Esports forms an integral part of the gaming ecosphere, with many players nowadays hoping to one day play on the main stage.
However, it is the many and varied smaller stages which don't often see the recognition they deserve in the world of competitive gaming.
We caught up with Jack Fenton, the mastermind behind the Warwick Esports Centre, as he gave his thoughts on the centre itself, and the wider UK esports scene.
Esports Centre at Warwick
The Centre itself will be used as a hub for members of the university as well as local partners and schools for various initiatives. This will be an excellent opportunity to further bridge the gap between esports and non-endemic entities.
With £275,000 funding Jack has been able to secure space on the Warwick campus, kit it out with carpet, furniture, state of the art PCs and peripherals, and a variety of elements that help to make it accessible for everyone.
Billed as a 'a place for aspiring professional players, coaches, content creators, and all esports careers to connect, engage, and progress', the space is now open for all to enjoy.
Should esports as a whole take an interest?
"Definitely," said Jack, "I'm here to be part of a team that can be a demonstration of how universities can come together to support esports careers."
Predominantly, Jack spoke about the use of this space to spread the potential of esports in general. Be that to gamers who don't currently understand esports or those who have no initial interest even in gaming.
He also went on to stress the importance of including those around you in esports endeavours. "Include your neighbours [...] local clubs and schools."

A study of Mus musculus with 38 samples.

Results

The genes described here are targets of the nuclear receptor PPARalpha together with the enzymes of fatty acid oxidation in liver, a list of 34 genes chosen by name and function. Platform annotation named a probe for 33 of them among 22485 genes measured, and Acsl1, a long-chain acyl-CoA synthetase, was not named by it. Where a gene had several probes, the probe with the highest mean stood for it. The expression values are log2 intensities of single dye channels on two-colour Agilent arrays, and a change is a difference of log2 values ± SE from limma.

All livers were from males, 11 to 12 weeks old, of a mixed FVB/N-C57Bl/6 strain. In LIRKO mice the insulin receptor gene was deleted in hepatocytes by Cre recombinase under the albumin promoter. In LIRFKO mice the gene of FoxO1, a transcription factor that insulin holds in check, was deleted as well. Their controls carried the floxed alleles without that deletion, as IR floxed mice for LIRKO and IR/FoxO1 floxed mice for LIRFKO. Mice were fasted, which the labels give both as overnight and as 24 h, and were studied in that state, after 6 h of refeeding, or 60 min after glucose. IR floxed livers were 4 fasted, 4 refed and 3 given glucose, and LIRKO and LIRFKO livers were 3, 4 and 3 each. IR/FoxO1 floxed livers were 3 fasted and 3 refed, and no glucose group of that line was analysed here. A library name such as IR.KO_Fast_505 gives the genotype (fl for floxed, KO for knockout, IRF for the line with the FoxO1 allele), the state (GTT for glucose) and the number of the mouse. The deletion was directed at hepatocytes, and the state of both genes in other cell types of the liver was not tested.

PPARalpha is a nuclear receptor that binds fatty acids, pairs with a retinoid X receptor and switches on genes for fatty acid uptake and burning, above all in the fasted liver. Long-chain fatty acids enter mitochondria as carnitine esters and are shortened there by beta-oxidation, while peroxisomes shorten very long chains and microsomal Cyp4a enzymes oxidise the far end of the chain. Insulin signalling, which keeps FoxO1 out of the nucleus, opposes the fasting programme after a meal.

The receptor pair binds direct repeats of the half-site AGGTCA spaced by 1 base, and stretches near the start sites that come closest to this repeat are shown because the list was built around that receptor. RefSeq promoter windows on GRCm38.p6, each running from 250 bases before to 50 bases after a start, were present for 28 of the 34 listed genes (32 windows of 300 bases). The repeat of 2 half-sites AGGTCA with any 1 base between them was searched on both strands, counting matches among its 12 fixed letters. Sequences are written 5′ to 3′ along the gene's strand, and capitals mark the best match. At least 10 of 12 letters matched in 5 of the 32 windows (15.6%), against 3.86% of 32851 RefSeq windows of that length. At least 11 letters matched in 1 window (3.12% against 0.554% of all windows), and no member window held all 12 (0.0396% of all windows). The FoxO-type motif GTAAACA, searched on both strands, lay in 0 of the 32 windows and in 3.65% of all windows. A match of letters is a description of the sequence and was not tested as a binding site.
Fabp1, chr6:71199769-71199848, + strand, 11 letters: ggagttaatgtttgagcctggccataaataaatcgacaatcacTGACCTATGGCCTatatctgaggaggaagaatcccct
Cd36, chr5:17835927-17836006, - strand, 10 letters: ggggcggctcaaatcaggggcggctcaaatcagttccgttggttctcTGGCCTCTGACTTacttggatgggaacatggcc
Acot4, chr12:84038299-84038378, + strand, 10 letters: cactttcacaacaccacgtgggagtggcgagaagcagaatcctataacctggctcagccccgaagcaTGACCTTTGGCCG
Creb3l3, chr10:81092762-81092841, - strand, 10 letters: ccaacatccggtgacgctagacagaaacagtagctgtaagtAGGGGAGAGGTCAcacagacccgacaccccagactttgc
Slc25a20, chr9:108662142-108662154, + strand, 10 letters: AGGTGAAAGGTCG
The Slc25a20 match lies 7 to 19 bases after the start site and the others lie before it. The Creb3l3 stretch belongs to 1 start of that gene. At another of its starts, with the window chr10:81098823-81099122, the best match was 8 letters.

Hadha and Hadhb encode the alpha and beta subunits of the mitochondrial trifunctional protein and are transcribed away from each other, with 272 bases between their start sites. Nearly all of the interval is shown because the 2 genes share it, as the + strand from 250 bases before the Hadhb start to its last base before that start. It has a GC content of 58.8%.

Eports as an industry has the power to influence real social change with its reach, and the Warwick Esports Centre will do its part to help with just that.
What does the future look like for the Esports Centre at Warwick?
Jack made a point to emphasise that this is only phase one of the project and that the future of the project is bright.
An even larger space that can facilitate the growth of even more esports careers is the end goal.
Want to be a physio that specialises in esports? Take a trip to Warwick!
Looking to improve your team communication, or even learn about marketing in the nearly $2 billion industry? The esports centre is the place for you.
Inclusivity in esports
Everything inside the centre is designed with inclusivity in mind. From the desks (some of which are height-adjustable) to a variety of accessible gear provided by Special Effect, there is something to ensure that this is a space for everyone.
Jack aims to one day ensure scholarships for women, non-binary, and minority ethnic esports enthusiasts.
Finally, education. Having partnered with Special Effect and Women in Games, the Esports Centre at Warwick will soon become a hub for anyone and everyone with an interest in esports (or not), and a force for good.
It goes without saying that there is a bright future for a diverse esports world in the UK, and this facility goes to show just that. I look forward to seeing what Jack and his team can achieve in the coming years!